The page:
Remarkable Creatures

By Tracey Chevalier

Synopsis: On the windswept, fossil-strewn beaches of the English coast, poor and uneducated Mary Anning learns that she has a unique gift: “the eye” to spot fossils no one else can see. When she uncovers an unusual fossilized skeleton in the cliffs near her home, she sets the religious community on edge, the townspeople to gossip, and the scientific world alight. After enduring bitter cold, thunderstorms, and landslips, her challenges only grow when she falls in love with an impossible man.

Mary soon finds an unlikely champion in prickly Elizabeth Philpot, a middle-class spinster who shares her passion for scouring the beaches. Their relationship strikes a delicate balance between fierce loyalty, mutual appreciation, and barely suppressed envy, but ultimately turns out to be their greatest asset.

Remarkable Creatures is a stunning historical novel that follows the story of two extraordinary 19th century fossil hunters who changed the scientific world forever.

Published: January 2010 | ISBN-13: 978-0525951452


  1. Reblogged this on How big is the world and commented:
    Today is the 215th anniversary of Mary Anning’s birthday, and it is celebrated by the current Google Doodle. I’m taking this opportunity to encourage you to learn more about Mary and her fossils.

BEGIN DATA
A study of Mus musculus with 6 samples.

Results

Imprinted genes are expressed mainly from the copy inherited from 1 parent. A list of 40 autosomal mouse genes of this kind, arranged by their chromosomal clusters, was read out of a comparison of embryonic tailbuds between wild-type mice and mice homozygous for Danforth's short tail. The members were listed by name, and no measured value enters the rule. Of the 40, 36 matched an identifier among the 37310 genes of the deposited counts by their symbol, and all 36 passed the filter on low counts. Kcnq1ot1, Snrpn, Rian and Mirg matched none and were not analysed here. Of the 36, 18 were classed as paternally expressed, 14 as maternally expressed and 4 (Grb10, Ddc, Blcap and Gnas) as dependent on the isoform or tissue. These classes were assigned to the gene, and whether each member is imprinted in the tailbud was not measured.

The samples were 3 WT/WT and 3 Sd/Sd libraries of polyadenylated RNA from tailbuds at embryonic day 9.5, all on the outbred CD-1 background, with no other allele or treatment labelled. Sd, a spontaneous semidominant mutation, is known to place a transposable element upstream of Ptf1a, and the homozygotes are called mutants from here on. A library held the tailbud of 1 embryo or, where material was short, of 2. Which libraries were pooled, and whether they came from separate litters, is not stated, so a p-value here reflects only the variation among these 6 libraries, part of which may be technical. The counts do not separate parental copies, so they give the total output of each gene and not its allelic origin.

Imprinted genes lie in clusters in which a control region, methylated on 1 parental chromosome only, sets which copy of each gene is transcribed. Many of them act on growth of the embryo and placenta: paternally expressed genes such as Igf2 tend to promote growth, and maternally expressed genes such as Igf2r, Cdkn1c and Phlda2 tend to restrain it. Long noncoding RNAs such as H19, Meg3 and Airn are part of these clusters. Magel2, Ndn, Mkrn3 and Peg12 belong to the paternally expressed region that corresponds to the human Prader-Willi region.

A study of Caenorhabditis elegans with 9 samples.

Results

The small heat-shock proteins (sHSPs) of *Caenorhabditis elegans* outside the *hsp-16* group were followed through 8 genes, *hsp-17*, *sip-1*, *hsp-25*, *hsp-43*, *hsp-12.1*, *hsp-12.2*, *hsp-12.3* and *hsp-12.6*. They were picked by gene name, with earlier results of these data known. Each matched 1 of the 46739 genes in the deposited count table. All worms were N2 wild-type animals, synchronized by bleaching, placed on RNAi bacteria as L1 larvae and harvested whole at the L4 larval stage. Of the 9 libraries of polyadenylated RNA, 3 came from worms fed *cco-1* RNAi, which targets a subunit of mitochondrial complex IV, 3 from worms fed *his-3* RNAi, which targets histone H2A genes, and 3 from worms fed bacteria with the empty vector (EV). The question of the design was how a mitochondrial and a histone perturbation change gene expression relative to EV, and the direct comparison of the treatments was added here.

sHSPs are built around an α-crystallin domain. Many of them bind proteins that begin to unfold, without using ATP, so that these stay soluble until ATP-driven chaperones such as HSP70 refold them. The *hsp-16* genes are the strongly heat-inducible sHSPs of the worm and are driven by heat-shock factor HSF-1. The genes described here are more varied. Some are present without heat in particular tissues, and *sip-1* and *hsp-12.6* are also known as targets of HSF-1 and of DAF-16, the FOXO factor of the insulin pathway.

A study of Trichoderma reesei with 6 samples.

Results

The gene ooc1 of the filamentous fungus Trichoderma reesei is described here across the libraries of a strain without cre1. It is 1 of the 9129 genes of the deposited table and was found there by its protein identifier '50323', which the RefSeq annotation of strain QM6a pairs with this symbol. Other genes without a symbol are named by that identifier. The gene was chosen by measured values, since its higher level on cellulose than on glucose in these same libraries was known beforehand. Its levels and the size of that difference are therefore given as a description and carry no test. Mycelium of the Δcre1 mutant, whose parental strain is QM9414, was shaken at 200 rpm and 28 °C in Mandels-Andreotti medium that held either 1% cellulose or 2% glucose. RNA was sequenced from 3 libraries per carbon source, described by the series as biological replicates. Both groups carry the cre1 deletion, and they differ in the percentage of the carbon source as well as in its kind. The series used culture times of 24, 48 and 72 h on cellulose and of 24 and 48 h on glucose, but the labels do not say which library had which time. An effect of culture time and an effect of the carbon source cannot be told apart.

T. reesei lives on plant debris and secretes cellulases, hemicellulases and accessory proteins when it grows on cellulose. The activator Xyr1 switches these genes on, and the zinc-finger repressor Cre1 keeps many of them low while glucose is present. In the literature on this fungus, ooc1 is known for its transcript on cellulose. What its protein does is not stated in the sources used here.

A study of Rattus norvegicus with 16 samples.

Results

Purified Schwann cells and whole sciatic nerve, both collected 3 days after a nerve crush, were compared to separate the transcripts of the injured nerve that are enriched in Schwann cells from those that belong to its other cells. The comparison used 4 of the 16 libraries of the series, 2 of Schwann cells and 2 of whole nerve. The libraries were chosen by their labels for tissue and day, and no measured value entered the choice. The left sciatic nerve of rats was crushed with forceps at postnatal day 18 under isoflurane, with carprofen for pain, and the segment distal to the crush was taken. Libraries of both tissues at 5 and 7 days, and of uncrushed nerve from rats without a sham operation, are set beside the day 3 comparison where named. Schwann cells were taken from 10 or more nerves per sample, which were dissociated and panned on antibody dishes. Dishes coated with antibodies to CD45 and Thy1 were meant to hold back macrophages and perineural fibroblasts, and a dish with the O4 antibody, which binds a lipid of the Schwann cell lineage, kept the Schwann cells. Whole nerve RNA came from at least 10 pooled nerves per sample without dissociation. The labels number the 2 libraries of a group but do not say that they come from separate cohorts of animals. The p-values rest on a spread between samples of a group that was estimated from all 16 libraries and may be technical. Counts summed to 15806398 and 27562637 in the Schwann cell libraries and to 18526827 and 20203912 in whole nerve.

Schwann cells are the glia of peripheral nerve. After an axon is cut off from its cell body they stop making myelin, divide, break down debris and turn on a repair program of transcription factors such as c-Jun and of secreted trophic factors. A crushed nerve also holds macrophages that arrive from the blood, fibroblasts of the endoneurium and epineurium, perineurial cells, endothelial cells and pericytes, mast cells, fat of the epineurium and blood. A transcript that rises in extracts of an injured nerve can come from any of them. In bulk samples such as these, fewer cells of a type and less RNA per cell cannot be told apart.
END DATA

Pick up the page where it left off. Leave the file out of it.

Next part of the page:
I thoroughly enjoyed Remarkable Creatures by Tracey Chevalier. The story alternates between the perspectives of Mary Anning herself, and Elizabeth Philpot, the two women becoming friends and advocates despite their different standings in society. Through their eyes, we explore the social and economic realities of the period, and the controversy that their discoveries led to.
    Tracey Chevalier has conducted vast research to ensure that the main events of the story, and the personalities of the two characters, are as close to the truth as possible. While much of the dialogue and the everyday events described are not confirmed by records, they are accurate depictions of what could be expected at such times by such people in that period, and they tie together the known events of the two women’s lives.
    I recommend this book to anyone interested in exploring the life and times of Mary Anning and her palaeontological discoveries.